Is it time to start nurturing a stronger “NOPEC”?
posted at 2:31 pm on June 13, 2014 by Erika Johnsen
The obvious answer is an emphatic, resounding “Duh!“, and the insurgency going down in Iraq is far from the only very excellent reason why. In just the past couple of years, we’ve seen major production disruptions from Libya, Sudan, and Nigeria; we’ve sidelined Iran with sanctions on their energy-dependent economy to put pressure on their nuclear program; and Venezuela is looking none too stable these days, is it?
These guys are all big players in the worldwide energy scene, and since the most efficient way to engender global energy security and economic prosperity is to consistently add greater volumes to the “global bathtub” that is the international oil market, the North American reserves recently unlocked by technological innovation present an excellent opportunity for Canada, the U.S., and Mexico to ramp up production and make some major money while applying downward pressure on global gas prices. As CNBC’s Ron Insana notes, fully unleashing our combined energy forces is an excellent strategy to start employing more robustly, on behalf of both our economy and our foreign policy:
With the U.S. leading the way in the fracking revolution, Canada in tar sands and with a newly liberalized energy sector in Mexico, North America could easily rival and exceed OPEC’s production of crude oil, natural gas, distillates and other petrochemical products—making North America the envy of the energy world.
It saddens me that in the absence of any cogent fiscal policy efforts emerging in Washington, something as simple, and beneficial, as the notion of NOPEC has not made its way to the West Wing. …
Combined, NOPEC could become the “swing producer” of energy products in world markets, helping to drive down prices of energy products that are currently hostage to OPEC’s whims, geopolitical risk and, on occasion, excessive speculation that whips oil markets round and round.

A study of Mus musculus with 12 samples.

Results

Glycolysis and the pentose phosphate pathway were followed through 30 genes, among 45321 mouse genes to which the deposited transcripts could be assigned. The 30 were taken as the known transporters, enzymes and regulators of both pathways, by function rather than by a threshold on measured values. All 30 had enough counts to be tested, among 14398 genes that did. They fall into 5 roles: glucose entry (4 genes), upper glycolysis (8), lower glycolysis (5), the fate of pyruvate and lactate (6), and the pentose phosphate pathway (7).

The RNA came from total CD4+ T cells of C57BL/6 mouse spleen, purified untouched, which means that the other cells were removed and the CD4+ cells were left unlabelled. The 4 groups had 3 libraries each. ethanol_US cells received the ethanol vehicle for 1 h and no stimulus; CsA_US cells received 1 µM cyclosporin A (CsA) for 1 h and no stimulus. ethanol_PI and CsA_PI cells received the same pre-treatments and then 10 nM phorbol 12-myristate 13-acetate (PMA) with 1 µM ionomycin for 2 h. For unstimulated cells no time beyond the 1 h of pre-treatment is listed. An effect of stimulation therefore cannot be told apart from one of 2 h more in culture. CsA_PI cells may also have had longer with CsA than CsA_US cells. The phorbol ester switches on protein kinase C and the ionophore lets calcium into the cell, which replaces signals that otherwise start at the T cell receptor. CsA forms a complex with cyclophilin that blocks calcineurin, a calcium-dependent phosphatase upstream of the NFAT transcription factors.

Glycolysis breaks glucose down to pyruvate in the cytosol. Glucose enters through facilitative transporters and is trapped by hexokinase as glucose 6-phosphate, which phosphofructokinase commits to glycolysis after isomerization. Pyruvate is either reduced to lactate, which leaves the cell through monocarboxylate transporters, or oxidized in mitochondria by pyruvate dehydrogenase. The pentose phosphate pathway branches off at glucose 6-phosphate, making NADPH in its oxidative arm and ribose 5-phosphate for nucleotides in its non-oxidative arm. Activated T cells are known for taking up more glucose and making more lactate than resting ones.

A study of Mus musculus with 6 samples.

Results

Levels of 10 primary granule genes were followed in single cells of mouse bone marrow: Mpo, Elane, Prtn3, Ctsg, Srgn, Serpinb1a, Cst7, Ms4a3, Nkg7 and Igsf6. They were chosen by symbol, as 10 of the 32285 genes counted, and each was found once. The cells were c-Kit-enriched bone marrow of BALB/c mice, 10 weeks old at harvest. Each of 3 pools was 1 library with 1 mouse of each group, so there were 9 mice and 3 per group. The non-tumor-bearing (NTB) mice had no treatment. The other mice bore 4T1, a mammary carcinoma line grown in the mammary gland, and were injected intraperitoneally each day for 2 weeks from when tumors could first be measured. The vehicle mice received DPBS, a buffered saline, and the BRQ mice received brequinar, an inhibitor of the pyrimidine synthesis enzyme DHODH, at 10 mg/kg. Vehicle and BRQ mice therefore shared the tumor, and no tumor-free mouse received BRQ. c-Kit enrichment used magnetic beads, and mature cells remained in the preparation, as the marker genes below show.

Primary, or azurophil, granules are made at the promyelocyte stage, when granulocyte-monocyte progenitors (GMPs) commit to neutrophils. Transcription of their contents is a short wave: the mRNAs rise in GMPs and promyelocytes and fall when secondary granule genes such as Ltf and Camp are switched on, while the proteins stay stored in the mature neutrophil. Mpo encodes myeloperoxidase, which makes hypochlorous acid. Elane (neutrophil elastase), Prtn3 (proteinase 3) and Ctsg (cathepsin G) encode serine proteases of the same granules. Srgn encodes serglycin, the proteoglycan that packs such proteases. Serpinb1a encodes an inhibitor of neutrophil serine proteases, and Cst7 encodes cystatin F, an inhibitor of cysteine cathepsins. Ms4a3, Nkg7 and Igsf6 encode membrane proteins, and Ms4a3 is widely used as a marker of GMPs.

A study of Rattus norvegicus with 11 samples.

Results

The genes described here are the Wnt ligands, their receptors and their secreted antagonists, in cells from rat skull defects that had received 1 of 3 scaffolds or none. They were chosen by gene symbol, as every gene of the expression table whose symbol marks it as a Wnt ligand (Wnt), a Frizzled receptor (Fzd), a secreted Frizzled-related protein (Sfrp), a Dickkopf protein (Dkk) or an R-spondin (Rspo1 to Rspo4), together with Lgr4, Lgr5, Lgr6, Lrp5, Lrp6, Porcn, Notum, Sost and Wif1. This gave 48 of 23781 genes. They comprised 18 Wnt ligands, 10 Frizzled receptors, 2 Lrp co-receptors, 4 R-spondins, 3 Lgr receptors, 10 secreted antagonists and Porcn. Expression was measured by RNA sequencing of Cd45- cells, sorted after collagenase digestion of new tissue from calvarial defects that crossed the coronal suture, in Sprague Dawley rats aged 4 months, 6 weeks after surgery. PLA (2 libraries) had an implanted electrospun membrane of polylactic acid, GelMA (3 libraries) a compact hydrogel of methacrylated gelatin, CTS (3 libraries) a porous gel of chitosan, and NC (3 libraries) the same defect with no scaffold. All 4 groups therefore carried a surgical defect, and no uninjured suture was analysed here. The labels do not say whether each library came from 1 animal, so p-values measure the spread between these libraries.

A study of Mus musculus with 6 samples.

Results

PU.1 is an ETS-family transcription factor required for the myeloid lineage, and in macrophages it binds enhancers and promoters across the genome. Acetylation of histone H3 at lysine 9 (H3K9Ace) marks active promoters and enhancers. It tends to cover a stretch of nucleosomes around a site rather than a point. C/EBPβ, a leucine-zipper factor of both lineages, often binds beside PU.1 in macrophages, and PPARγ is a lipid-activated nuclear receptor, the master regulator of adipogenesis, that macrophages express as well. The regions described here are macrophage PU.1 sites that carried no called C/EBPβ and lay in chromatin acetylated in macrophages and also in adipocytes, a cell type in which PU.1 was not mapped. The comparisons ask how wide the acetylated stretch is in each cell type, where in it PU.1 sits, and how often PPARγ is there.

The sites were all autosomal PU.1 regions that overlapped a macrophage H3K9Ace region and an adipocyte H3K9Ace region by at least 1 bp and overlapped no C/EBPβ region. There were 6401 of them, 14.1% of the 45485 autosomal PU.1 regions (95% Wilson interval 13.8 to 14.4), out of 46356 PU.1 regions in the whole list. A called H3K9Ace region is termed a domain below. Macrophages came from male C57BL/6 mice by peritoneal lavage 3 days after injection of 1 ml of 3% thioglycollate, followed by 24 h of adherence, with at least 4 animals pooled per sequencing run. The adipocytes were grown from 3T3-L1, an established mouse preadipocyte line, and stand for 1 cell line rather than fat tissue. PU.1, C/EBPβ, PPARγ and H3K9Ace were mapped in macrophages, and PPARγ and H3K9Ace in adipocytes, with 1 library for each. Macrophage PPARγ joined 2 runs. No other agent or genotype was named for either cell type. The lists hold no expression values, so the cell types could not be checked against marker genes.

In addition, a concerted effort by the Three Amigos could also expand the opportunity for North America to become the world’s manufacturing hub, thanks to advantageous energy pricing, increasingly competitive labor markets, property rights protections, the rule of law and relative political stability.
There are, unfortunately, some major standing obstacles to this empowered NOPEC scenario, not the least of which is the Obama administration more or less stalling on allowing offshore drilling, drilling on federal lands, and furthering Arctic exploration. What’s more, the White House seems determined to stick it to Canada by continuing to dither on the Keystone XL pipeline, so as not to appear too sympathetic to the fossil fuel industry and piss off the Tom Steyers of progressive donor circles. Mexico, for its part, has finally, mercifully decided to break up its state monopoly and allow for foreign investment in their energy sector — although the perhaps even bigger problem is that foreign investors might not want to even go there, what with the gang violence that has pieces of Mexico sliced and diced into veritable war zones. Via Bloomberg:
Oil shale drillers in Texas have had to contend with environmental opposition and soaring costs. A few miles south of the border in Mexico, Angel Torrez and co-workers duck gunfire sprayed from drug traffickers. …
Torrez’s predicament reveals the challenge facing Mexico as it attempts to replicate the kind of shale bonanza taking place in Texas. …
“Shale will not take off in Mexico like it did in Texas in the near future,” Dwight Dyer, a senior analyst at the consulting company Control Risks, said by telephone from Mexico City. “Unless the security situation along the northeastern border improves significantly, smaller companies will probably take their time before jumping in.” …
The crime wave has also been hitting the national oil company’s bottom line. More than $300 million in stolen natural gas condensate from the Burgos basin was smuggled across the U.S. border by drug cartels from 2006 to 2010, according to a lawsuit filed by Pemex in a Houston federal court in 2010. Fuel-theft losses rose to 10.3 billion pesos ($790 million) last year from 3.5 billion pesos in 2009.